How to Take the Train from Madrid to Alicante

Transport from Spain's capital by high-speed AVE train

Alicante port at night
Jesus Alenda/Creative Commons

After soaking up Madrid's elegant parks, well-groomed boulevards, and rich repositories of world-class art, you may be ready for a change of pace during your vacation to Spain. Head to Alicante, an old port city on Spain’s southeastern Costa Blanca, to uncover narrow streets, colorful houses, stunning views of the Mediterranean, and a fantastic nightlife scene.

Traveling between the two cities is quite simple. You can transit between the two in several ways, ranging from a high-speed train to an inexpensive bus. Read on for more information about how to travel between Madrid and Alicante.

What's the Best Way to Get from Madrid to Alicante?

The train is by far the quickest option, and it's often not too expensive either. The high-speed train travels at impressive speeds of more than 200 miles per hour, making the journey exceptionally quickly. The train stops in Cuenca along the way, which is a great place to break up your travels.

How to Get from Madrid to Alicante by Train

As mentioned, the high-speed AVE train runs from Madrid to Alicante. The journey takes between 2 hours, 20 minutes, and 2 hours, 40 minutes, and usually costs between 25 euros to 65 euros, depending on the time of day, how far in advance you book, and the class of service that you choose. You can book train tickets in Spain direct from Rail Europe, or you can book through an aggregator service such as Trainline.

How to Get from Madrid to Alicante by Bus

The bus from Madrid to Alicante is another option. This trip is much lengthier, and some would argue less-relaxing than taking the train. While less expensive (tickets can cost as little as 13 euros), the trip takes around five hours—sometimes as much as six-and-a-half hours. You can book from ALSA, or through another ticket aggregator like BusBud.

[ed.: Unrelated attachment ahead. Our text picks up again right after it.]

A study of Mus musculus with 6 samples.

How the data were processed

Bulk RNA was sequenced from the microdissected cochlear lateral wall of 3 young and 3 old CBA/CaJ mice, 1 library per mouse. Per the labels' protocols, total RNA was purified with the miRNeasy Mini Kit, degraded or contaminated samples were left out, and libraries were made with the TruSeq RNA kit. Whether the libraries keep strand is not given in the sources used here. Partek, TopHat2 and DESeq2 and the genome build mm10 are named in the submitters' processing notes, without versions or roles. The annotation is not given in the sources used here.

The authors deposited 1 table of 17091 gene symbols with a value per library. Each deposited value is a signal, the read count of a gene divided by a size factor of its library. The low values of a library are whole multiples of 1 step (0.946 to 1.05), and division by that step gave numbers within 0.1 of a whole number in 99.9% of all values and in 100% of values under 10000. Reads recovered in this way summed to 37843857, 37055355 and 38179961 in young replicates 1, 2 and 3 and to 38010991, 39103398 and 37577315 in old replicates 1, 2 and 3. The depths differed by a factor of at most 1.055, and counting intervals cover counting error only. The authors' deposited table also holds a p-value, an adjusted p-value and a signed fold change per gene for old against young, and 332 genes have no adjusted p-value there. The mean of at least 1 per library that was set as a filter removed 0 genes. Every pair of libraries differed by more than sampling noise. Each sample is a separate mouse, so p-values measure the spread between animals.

How to Get from Madrid to Alicante by Car

Driving from Madrid to Alicante takes a little under four hours, on the A-3 and A-31 roads. There are tolls on parts of this route. For inexperienced drivers, driving in Spain can be risky—it's recommended that you're well-versed in the rules of the Spanish road. Make sure that you are carrying your driver's license, insurance documents, and other required items at all times when driving in Spain.

Also, there are very few actual "expressways" in Spain, which can add time to your journey. Most roads in Spain are "N" roads, which can vary in quality, ranging from broad, multi-lane roads resembling highways, to winding country roads with traffic lights and driveways.

How to Get from Madrid to Alicante by Plane

Flying from Madrid to Alicante (and vice-versa) is an option. The flight time is just about an hour, but when you factor in transportation to and from the airport and security checks, this can be a much more time-consuming option than the train.

The route is served by Iberia and Air Europa. Round-trip fares on the latter typically run around $160, as of October 2018.